At birth, they rented Dodger Stadium from the Dodgers. Since 1966, they rented Angel Stadium from the city of Anaheim. Now, on the verge of their 60th year of existence, the Angels will finally own their own home. It’s an authentic Southern California story.

Under a monumental proposal announced Wednesday, the stadium and the 153 acres of land around it would be purchased by SRB Management, LLC, of which Angels owner Arte Moreno is a partner. The proposed agreement would keep the Angels in Anaheim until at least 2050. It must be formally ratified by the Anaheim City Council on Dec. 20 to take effect.

The devil is always in the details. We can’t make a full assessment of those details until they’re codified by the city. But the two sides agreed enough on the basics to announce them Wednesday, as first reported by colleague Alicia Robinson.

Optional extensions allow the Angels to play in Anaheim until 2065. Affordable housing and parkland would be part of the site development. SRB Management can cast its imagination upon most of the area between State College Blvd. on the west, Katella Ave. and the Amtrak/Metrolink rail lines on the north, the Santa Ana River on the east, and Orangewood Ave. on the south. It might imagine a new ballpark someday.

The best part of this proposal? The $325 million going to the City of Anaheim would benefit residents who have never watched a baseball game and never will. Anaheim mayor Harry Sidhu, who campaigned on a promise to fight to retain the Angels, touted the ancillary revenue that comes from having a Major League Baseball team in town. Wednesday, the city of Anaheim estimated those tax revenues would net $7 million annually. Now this amounts to a bonus – not a means for justifying this deal to all of Anaheim’s 358,000-plus residents.

Coincidentally, the proposal fell on the same day that St. Petersburg (Fla.) mayor Rick Kriseman made an announcement of his own.

The Tampa Bay Rays had been contemplating a “shared season” agreement with Montreal, Canada. The particulars of splitting 81 home games between two cities in two countries were always difficult to grasp. The net effect would have been a major loss for St. Petersburg, which has long needed to replace the light-industrial warehouse known as Tropicana Field.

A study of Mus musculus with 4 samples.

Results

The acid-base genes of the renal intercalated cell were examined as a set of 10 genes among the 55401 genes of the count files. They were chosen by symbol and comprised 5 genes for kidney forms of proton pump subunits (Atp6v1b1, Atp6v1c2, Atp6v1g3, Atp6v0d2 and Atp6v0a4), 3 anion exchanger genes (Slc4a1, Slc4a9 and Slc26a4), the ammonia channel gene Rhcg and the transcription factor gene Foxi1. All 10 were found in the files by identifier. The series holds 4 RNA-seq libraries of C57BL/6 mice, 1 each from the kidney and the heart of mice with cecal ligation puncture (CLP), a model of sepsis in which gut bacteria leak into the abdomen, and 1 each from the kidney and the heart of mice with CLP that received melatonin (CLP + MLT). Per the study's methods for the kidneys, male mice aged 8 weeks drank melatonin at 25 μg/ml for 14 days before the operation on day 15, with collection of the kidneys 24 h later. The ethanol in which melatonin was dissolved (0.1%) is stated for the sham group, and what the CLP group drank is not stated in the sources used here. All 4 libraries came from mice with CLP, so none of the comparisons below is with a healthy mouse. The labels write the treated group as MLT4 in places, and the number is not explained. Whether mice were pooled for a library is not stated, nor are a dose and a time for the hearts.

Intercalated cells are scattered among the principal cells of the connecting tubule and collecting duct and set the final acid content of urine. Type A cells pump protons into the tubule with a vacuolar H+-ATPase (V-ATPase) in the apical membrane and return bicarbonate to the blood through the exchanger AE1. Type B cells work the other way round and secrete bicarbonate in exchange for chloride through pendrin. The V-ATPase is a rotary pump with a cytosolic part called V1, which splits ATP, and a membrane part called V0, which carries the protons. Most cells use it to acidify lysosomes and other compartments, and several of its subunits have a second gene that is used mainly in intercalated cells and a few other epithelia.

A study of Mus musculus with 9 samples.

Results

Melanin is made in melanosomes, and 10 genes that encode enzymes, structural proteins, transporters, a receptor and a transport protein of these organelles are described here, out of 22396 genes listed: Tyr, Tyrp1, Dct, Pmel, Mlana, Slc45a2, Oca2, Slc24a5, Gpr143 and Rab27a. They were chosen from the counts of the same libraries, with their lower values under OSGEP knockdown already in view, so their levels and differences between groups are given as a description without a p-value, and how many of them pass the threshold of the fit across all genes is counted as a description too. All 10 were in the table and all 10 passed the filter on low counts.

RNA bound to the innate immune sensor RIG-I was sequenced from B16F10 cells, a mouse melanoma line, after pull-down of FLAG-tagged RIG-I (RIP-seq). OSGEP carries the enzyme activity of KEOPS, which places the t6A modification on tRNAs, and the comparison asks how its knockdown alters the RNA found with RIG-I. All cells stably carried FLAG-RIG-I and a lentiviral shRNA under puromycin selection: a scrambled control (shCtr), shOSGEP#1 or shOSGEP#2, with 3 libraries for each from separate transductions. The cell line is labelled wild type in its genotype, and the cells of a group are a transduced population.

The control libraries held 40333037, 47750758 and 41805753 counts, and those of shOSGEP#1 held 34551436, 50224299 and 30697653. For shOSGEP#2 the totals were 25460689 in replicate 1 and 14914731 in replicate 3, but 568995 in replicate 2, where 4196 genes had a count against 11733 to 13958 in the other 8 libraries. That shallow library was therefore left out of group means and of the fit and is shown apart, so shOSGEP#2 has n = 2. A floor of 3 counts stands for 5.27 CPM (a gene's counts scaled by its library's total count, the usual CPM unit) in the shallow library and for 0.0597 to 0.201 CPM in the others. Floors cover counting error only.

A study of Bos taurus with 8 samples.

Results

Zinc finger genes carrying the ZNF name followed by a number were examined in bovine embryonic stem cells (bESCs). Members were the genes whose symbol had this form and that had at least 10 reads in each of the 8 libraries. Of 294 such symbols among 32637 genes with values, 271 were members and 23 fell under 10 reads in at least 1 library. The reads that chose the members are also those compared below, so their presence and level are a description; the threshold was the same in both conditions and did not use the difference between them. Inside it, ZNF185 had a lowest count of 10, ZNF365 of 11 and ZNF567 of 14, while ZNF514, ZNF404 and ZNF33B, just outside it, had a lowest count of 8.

Kriseman announced that any two-city arrangement will not happen before 2028, if it takes effect at all. He also said Rays officials declined an offer to explore full-time stadium locations throughout the Tampa Bay region, including Hillsborough County and the city of Tampa. This is emblematic of the kind of impermanent, incremental “progress” that hovered like a dark cloud above the Angels’ fate for years.

In St. Petersburg, the Rays’ existence is steeped in nonsense. They occupy the second-largest city in their market. The Tropicana site is separated by several miles from the Tampa Bay waterfront, which is several miles removed (by boat or by car) from Tampa, the largest city in the region. By not exploring full-time stadium locations elsewhere in Hillsborough County (which includes Tampa but not St. Petersburg), the Rays invite more questions than answers. The big question: if the best place for a ballpark isn’t located closest to where most fans in the region live, where is it?

So it went in Anaheim.

In 2013, city officials failed to re-negotiate the stadium lease with the Angels. Plans for the team to refurbish its stadium in exchange for developing and profiting off the surrounding land were dashed. Moreno then explored the possibility of moving the team to Tustin.

Against Moreno’s wishes, former Anaheim Mayor Tom Tait negotiated with developers who envisioned apartments, offices and a hotel towering over the American League’s second-oldest ballpark. Those development plans were never formalized. Still, the Angels opted out of their stadium lease in Oct. 2018, allowing them to explore another move. Then in January, the City Council extended the deadline, but the Angels and Anaheim faced from a Dec. 31 deadline, by which the Angels would have to give the city a year’s notice if they planned to quit the current lease early.

It wasn’t just fans who felt moved by these clouds of impermanence. The mayor of Long Beach, Robert Garcia, approached the Angels about building a park on an undeveloped waterfront site near his city’s convention center. This move never passed the basic geography test. But if basic geography matters so little in Tampa, or in Montreal, or in Oakland, who’s to say it would carry the day in Southern California?

The site that always made the most sense was the same one the city of Anaheim purchased from three farmers in 1964. Now – or at least soon – the Angels will sign a contract that formalizes what fans intuited all along.